Updated: 2011-02-28 08:03

By Qian Yanfeng (China Daily)


The workers told China Daily on Sunday they are worried that after leaving the company they will be left to fend for themselves if their health deteriorates.


Some 100 victims have already left the Suzhou subsidiary of Taiwan-based Wintek Corp, manufacturer of iPhone components for Apple, after receiving compensation of 80,000 to 140,000 yuan ($12,168-21,294).

They also signed exemption agreements, freeing the factory of any responsibility if their health worsened in the future.

"A month ago I told the company I would leave, but later I changed my decision for fear of the future health problems it may have caused, which I couldn't possibly afford to treat on my own. But the company has just ignored my requests," Wang said.

"I don't want to leave. What if my health worsens? The compensation would be a drop in the ocean for medical treatment fees."

Yang Yanqiong, another victim whose labor contract expires on April 1, had the same concern.

"I was told that the company will not renew my contract with me. But I still suffer from tingling in my hands and legs," she said.

Zhou Xueyu, a Shanghai-based lawyer who specializes in labor contracts, said it is not against the law for a company to end labor contracts with injured workers as long as compensation is paid.

"But that does not mean the company will not be held responsible if the workers' health worsens in the future," he said.

"As long as workers can prove their future illness is directly linked to past injuries, they can still ask the company to pay for treatment."

A total of 137 workers at the Suzhou facility of Wintek suffered health problems following exposure to n-hexane, a chemical cleaning agent used in some manufacturing processes.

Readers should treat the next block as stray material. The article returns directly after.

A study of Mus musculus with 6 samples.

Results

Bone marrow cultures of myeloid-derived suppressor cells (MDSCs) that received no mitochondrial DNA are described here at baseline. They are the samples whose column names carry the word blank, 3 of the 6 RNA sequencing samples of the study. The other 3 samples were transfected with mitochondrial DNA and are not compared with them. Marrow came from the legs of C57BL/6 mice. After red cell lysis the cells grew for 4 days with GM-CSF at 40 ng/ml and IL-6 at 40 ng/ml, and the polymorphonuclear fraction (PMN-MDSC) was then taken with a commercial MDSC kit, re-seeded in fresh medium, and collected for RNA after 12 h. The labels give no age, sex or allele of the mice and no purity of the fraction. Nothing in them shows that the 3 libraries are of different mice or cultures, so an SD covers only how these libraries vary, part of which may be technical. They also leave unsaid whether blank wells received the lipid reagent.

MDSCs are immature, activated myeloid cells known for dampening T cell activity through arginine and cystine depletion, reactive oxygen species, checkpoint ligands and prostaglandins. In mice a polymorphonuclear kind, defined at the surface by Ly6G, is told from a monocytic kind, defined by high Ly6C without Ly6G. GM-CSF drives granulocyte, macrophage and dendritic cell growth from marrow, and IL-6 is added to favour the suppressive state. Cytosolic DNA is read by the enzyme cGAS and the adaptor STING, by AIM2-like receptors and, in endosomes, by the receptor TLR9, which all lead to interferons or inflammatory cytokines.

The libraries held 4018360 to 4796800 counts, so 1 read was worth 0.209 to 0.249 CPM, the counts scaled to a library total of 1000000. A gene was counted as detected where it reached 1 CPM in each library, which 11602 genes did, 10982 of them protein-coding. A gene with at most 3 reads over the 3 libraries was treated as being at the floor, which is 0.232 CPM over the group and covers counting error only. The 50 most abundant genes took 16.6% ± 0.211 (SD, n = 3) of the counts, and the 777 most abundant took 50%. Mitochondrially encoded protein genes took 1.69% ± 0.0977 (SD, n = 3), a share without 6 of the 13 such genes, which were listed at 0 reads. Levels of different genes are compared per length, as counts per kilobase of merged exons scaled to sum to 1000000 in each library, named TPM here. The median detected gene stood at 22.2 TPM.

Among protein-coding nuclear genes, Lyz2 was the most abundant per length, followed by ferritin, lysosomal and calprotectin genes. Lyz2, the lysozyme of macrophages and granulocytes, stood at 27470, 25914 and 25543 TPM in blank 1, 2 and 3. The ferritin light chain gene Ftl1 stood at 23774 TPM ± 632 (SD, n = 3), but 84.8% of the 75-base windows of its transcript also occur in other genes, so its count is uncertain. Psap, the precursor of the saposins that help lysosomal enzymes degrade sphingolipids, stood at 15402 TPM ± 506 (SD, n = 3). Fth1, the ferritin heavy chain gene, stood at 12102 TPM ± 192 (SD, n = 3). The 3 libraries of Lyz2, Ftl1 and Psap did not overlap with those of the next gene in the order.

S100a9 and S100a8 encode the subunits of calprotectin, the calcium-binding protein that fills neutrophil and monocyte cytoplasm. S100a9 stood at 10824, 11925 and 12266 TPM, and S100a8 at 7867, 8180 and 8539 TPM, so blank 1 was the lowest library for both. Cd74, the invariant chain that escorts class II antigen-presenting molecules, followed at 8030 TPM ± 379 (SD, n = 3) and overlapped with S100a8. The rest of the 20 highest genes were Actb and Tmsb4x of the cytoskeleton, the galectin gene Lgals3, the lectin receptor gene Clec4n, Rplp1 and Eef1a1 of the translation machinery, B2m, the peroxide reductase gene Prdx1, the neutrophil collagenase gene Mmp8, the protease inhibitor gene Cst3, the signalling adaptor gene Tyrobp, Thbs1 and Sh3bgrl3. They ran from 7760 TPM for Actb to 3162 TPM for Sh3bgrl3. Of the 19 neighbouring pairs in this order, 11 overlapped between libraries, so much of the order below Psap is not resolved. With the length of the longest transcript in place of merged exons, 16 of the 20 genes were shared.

The chemical, which evaporates faster than alcohol, was used at the factory for about one year until July 2009 to speed up the production of touch screens for Apple products. The company has since reverted to using alcohol.

Meanwhile, negotiations between the Suzhou factory and the workers who were exposed to the chemical took place on Saturday and the company agreed to have doctors from Beijing recheck their health, as requested by the victims, according to Jia Jingchuan, one of the worker representatives.

The workers had earlier expressed mistrust of the local hospitals, which they feared might produce health reports in favor of the factory.

Jia also expressed concern that even if the company is willing to pay for future medical bills, there should be a mechanism in place to ensure the payment would last.

"This may mean lifelong treatment for us. Who should we turn to if the company moves away?"

Zhou suggested that in such incidents, the local government should work with the company to set up a relief fund so that treatment for injured workers is guaranteed.